Here's What Going Green with Food Really Means

By Kacey Mya:

More people are considering their daily impact on the environment. One of the simplest switches you can make is to go green with your food. While wise first steps are recycling more and taking canvas bags to the grocery.However, going green with food means understanding what it takes to get your food from the farm to the table, and making more adjustments toward self-sufficiency while supporting local growers and eco-friendly brands.

Here are six ways you can take your green efforts to the next level while being more aware of how your impact can truly help the environment.

1. Grow Your Own Food

When you grow your own food, you oversee the whole process. You know the source of your food. Go to a seed exchange and come away with unique varieties, or check with a neighbor. Save seeds from your new plants.

Start small with a window mint garden, but you’ll need at least six hours of sunlight. Mints love the sun. Then, expand to an outdoor container garden or plot. Be careful of plants like squash — they spread.

2. Compost Your Leftovers

Going green means paying attention to more than what goes on your plate. Compost your leftovers to reduce the amount you contribute to the landfill. Your waste won’t smell, and you can invest in a small composting waste bin if you live in an apartment. If you really want to go eco-wild, try out a composting toilet.

3. Buy Organic in Bulk

Buying organic in bulk can save you more money, maintain a healthy diet and save the environment by using less packaging. For special dishes, many people buy nuts such as macadamia, pecans and pignolis online in order to save a trip to the grocery store and find a cheaper option. You can buy organic in bulk online or offline and take home nuts, flour, dry beans, dry pasta, grains, trail mix and more.

4. Eat Locally and Seasonally

Many types of food travel, on average, 1,500 to 2,500 miles from the farmto end up on your table. That’s a 25 percent increase from 20 years ago. A typical plate including some grain, meat, vegetables and fruit using local ingredients uses 17 times less petroleum.

When eating seasonally, you do the environment a solid while supporting the local economy and growers. Your diet and meal planning also get a healthy boost when focusing seasonally on local foods.

You get fresher food and more affordable prices, depending on the area and grower, due to less marketing, packaging and shipping. Get bonus points for local companies who work with area farmers to deliver produce to your home — that’s a largely reduced carbon footprint.

5. Avoid Packaging as Much as Possible

How much packaging do you take home from the grocery store? How much actual food is in there?

Stay away from petroleum-based plastics. Avoid packaging as much as possible. Target unpackaged foods as much as possible and ask your grocery store how they would handle your bringing in your own containers. Some brands use bio-based plastics in their packaging. Reuse, recycle and upcycle whatever packaging you do pick up.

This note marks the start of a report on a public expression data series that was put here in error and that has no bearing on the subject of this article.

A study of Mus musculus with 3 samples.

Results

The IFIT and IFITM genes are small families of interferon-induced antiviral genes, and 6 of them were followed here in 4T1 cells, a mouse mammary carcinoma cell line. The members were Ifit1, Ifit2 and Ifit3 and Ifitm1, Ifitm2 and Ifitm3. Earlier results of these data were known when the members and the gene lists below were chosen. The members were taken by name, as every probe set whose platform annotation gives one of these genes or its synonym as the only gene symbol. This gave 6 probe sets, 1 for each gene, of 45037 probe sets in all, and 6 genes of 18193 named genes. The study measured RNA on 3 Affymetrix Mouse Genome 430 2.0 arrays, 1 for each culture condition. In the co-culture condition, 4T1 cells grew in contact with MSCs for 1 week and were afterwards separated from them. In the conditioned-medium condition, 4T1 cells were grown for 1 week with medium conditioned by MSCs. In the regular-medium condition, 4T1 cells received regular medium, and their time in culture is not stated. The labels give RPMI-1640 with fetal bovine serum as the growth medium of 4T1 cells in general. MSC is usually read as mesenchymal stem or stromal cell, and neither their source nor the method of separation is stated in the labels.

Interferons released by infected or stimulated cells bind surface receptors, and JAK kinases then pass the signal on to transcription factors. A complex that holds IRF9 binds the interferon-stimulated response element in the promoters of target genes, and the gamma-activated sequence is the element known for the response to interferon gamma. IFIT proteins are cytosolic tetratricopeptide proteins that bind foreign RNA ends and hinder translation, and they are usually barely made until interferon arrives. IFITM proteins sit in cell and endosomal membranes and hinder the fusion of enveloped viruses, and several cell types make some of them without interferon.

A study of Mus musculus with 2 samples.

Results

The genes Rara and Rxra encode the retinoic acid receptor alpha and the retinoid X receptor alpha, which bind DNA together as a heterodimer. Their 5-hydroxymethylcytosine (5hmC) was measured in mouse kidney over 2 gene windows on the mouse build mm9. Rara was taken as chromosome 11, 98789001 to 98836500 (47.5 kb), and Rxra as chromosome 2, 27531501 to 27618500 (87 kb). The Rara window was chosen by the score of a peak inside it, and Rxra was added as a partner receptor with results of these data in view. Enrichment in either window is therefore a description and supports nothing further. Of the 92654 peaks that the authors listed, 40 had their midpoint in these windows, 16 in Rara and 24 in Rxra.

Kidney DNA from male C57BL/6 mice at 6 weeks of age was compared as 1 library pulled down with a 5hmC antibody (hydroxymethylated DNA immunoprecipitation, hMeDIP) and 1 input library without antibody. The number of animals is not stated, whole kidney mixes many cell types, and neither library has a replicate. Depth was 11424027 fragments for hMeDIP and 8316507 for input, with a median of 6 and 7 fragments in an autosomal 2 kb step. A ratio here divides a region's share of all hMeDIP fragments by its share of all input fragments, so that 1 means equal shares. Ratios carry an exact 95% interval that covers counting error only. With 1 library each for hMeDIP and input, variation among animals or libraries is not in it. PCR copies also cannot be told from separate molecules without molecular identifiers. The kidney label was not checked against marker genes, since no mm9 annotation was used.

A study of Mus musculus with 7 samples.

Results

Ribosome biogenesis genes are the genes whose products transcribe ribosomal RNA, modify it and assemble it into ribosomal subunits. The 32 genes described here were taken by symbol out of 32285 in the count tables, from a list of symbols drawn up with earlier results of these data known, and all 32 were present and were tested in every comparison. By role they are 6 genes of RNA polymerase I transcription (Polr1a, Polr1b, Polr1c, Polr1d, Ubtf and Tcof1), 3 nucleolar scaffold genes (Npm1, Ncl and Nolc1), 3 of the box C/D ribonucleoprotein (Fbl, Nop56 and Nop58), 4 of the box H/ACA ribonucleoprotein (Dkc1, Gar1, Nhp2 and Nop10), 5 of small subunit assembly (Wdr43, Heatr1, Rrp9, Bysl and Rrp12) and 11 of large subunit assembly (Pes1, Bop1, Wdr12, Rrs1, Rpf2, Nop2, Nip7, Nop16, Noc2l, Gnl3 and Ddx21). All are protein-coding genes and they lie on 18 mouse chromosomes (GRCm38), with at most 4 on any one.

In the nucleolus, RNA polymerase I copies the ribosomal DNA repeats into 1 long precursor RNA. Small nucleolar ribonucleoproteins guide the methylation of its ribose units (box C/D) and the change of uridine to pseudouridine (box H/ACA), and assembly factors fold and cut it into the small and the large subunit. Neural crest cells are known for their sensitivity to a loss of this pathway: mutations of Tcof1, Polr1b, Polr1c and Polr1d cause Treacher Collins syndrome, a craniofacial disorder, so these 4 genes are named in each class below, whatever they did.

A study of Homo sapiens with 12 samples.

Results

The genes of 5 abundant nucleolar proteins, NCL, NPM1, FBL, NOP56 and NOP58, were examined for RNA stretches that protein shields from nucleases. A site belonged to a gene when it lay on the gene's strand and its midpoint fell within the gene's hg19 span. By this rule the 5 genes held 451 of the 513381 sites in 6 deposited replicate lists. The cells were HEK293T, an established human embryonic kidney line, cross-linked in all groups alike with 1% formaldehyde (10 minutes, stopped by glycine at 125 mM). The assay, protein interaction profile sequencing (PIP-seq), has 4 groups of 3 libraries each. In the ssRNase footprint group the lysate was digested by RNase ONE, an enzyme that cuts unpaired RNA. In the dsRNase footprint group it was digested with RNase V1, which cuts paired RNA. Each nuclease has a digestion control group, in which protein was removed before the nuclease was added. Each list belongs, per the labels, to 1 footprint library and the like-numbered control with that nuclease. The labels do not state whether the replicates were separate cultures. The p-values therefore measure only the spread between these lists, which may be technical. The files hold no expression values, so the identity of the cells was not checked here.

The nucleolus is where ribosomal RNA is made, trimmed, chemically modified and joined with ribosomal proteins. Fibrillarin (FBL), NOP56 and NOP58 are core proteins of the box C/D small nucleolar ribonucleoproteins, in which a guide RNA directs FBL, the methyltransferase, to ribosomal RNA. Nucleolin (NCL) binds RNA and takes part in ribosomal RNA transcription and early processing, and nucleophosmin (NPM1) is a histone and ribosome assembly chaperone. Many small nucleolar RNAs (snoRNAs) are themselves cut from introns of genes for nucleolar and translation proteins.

6. Ease Up on the Meat

Meat takes major resources to produce, and eating more vegetables improves your diet and the environment. Consider the amount of land, grain, water, hormones and antibiotics necessary to produce the final product. Beef uses thousands of gallons of water compared to tens of gallons for a pound of potatoes.

Start with cutting out one or two servings of meat a week. You can make more than vegetarian lasagna and bean burgers, too — consider vegetarian sushi or Indian dishes.

Bread, produce, meat and milk all have impacts on the environment. Think of how you forget something at the store and rush back out to get it. Consider the gas and packaging you waste, not to mention what it took to get the food to the store in the first place — all in the name of convenience.

From growing your own food to easing up on the meat, use these six tips to deepen your green efforts while improving your health and the environment. Shouldering the “burden” of self-sufficiency doesn’t have to take up too much time, especially given the positivity it hands back to the planet.

Kacey Bradley is the lifestyle and travel blogger for The Drifter Collective, an eclectic lifestyle blog that expresses various forms of style through the influence of culture and the world around us. Kacey graduated with a degree in Communications while working for a lifestyle magazine. She has been able to fully embrace herself with the knowledge of nature, the power of exploring other locations and cultures, all while portraying her love for the world around her through her visually pleasing, culturally embracing and inspiring posts. Along with writing for her blog, she has written for sites like U.S. News, SUCCESS, Tripping.com and more!
Follow Kacey on Twitterand subscribe to her blogto keep up with her travels and inspiring posts!

Contributing Writer

We know that not everyone wants to be a full-time writer, and that those people may still have something great to contribute. Knowing this, we often have guest writers submit articles to us on various topics. Contact us if you have something wonderful to share!

Leave a comment

This site uses Akismet to reduce spam. Learn how your comment data is processed.

Related Posts

Press Kit
Book - Zero Waste for Families
Watch for Free in Oct
Zero Time To Waste Film Poster

Get weekly UPdateS

Let’s stay in touch so we can take this journey together!